While the timing was not ideal, today’s Cup O’ Joe Q&A does give Joe Quesada a chance to tell what he can about the new Marvel. Such as his impressions of Bob Iger.
My initial feeling about Bob was that I could see right away why he’s been so successful and a visionary for the company. He’s incredibly smart, relaxed, personable and extremely likable. He was really interested in our group, our staff and what we did for a living and was looking to us, as the shepherds of our content, to continue doing what we do. He kept stressing several things, content is king, quality-quality-quality, it’s about people and that he wants Marvel to be Marvel in the same way that Pixar remains Pixar. We have our culture, it has been successful for us and he wants to preserve that. And at the end of the day, isn’t that the smart thing to do?
To that point, Bob was just here on Thursday and addressed the New York staff. It was a fantastic meeting as Bob took questions from staff members about the merger and what it would mean to Marvel. Once again, he stressed that he was looking to those of us here for guidance as to how to continue to run our business in the same successful manner it’s always been run.
There are many areas that Quesada can’t speak on, but this exchange with Kiel Phegley on the viability of the original graphic novel as a money making enterprise is interesting:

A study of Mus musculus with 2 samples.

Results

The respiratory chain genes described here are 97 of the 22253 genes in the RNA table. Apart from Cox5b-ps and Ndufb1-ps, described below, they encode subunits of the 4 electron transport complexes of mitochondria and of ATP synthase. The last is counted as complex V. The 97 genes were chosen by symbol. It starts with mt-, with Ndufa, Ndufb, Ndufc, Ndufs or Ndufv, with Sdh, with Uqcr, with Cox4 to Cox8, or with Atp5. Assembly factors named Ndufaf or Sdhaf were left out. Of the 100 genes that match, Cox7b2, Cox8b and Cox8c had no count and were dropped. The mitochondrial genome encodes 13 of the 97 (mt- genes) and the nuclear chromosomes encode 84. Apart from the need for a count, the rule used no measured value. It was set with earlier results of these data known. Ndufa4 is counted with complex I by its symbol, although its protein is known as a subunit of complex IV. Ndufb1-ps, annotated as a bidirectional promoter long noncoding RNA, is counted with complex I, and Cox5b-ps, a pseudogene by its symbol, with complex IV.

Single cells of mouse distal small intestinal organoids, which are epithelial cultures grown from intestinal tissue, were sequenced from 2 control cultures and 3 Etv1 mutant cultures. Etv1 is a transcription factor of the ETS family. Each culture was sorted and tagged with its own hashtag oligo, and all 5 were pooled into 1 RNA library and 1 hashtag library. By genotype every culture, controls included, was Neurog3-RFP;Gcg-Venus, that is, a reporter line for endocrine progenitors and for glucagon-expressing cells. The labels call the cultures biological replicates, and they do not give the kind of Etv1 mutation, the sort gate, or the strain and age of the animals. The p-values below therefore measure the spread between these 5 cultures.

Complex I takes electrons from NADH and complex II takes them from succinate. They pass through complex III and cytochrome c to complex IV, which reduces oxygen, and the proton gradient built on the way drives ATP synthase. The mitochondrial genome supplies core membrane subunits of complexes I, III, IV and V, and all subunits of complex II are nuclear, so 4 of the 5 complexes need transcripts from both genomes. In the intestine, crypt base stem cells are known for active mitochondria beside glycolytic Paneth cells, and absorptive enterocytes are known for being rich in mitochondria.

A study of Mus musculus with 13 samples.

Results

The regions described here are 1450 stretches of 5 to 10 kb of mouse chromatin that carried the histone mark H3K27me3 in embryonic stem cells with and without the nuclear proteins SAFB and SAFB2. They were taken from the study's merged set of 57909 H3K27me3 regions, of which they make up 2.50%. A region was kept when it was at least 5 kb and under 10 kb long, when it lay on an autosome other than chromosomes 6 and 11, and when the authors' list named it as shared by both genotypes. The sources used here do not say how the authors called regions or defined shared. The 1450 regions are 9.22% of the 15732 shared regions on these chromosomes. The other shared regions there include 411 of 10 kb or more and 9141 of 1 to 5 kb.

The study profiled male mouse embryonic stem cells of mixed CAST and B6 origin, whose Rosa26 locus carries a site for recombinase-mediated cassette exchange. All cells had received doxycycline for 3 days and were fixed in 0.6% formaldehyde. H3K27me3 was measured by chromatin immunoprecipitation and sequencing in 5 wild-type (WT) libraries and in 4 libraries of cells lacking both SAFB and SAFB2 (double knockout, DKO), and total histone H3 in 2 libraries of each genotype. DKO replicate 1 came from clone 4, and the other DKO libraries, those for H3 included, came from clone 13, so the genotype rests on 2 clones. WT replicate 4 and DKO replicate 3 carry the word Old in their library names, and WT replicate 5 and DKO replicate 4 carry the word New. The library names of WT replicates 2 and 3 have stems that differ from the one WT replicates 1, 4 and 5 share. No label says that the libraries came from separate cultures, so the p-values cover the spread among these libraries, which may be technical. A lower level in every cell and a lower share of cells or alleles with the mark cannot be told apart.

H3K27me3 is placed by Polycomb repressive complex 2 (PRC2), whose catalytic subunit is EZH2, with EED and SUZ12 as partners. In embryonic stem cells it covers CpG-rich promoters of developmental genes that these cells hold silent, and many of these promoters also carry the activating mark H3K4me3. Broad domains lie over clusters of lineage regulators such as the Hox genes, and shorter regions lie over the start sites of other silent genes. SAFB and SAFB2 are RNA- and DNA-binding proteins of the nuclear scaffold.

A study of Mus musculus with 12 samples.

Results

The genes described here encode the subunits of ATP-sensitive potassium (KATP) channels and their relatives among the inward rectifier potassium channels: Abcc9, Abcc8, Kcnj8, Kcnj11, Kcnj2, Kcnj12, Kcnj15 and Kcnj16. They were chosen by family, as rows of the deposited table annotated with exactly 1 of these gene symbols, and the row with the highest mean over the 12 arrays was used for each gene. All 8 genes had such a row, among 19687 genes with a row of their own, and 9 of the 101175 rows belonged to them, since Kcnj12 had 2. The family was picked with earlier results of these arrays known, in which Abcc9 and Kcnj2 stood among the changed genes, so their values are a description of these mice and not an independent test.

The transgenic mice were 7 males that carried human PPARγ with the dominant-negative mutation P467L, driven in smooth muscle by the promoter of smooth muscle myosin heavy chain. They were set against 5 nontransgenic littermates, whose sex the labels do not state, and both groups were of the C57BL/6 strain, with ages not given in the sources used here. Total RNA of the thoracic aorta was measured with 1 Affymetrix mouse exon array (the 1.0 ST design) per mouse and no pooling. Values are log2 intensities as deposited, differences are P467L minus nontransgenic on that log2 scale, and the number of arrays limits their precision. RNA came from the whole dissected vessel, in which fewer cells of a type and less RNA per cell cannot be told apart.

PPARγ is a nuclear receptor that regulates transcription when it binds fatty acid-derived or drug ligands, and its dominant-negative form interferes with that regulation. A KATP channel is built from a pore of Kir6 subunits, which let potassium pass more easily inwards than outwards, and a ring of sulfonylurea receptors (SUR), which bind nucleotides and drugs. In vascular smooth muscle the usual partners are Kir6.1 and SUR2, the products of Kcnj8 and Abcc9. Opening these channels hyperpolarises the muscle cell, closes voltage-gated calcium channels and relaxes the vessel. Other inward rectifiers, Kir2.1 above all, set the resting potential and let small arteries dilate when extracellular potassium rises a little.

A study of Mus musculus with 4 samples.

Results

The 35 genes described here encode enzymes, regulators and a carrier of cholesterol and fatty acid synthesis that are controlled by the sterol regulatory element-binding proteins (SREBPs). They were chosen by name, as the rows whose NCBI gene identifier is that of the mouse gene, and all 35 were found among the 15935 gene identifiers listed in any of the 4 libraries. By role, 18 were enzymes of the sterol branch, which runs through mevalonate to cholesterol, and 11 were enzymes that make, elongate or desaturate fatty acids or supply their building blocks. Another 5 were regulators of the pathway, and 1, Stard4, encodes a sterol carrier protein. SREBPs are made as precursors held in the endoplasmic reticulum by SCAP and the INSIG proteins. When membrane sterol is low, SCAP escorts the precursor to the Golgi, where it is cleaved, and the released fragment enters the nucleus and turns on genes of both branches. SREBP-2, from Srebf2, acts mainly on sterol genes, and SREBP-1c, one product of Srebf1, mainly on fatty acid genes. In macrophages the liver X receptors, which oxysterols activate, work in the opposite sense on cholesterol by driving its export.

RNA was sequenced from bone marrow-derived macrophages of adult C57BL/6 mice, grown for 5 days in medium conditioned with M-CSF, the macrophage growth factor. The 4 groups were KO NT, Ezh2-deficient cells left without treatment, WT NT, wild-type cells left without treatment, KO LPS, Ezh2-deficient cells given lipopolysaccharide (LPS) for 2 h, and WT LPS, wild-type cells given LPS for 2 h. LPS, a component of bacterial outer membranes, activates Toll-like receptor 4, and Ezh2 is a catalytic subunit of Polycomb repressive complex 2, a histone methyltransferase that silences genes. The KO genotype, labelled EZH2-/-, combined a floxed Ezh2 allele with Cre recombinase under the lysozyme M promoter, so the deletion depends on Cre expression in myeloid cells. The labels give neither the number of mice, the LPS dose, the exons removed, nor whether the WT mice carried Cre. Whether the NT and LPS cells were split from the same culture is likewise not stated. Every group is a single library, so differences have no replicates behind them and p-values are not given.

I’ve stated publicly on many occasions that I’ve never seen the benefits of original graphic novels. The economics just don’t work and are poor for both the publisher, retailer and the creator, especially during this Marvel regime when so much of what we do gets compiled into a collected edition anyway. While I would never discount doing one, I don’t see the outward benefits nor does the model work.
Just look at it from the eyes of the uninitiated, or the neophyte who walks into a comic shop or bookstore. When they decide on a hardcover, do you think it matters to them or that in some cases they even know that it’s an original graphic novel or a collection of a six-issue story?
Yet from an economic point of view it makes tons of sense to release the material in serialized form first because it then allows you to sell the product in several different formats. Also, from the point of view of a creator having their material reach the widest possible audience, the price of an original graphic novel can be too steep for many. That’s why you don’t see OGN’s selling in the hundreds of thousands of copies. Yet, if the story is strong enough, you can certainly serialize it and have that many eyeballs looking at your work in installments. At the end of the day, you can work for a year on a mini series that gets collected later or spend that entire same year on the OGN. I promise you, more people will read your mini series when it’s all said and done and that year of your life will have been spent in reaching the widest possible audience. And from an exposure and marketing point of view, you work for a year on a graphic novel, it comes out and you get one big promotional push and then it’s done. If it’s serialized, you get a push every month a new issue hits the stands and then another when it becomes a trade and then another for the hardcover.
While you can’t fault Quesada’s logic based on the business model that Marvel pursues, Disney’s publishing strategy includes many, many books that people work on for months and then promote once. We’d guess that as the merger evolves, the Disney pocketbook and resources would allow more experimentation in that direction, if suitable projects could be found.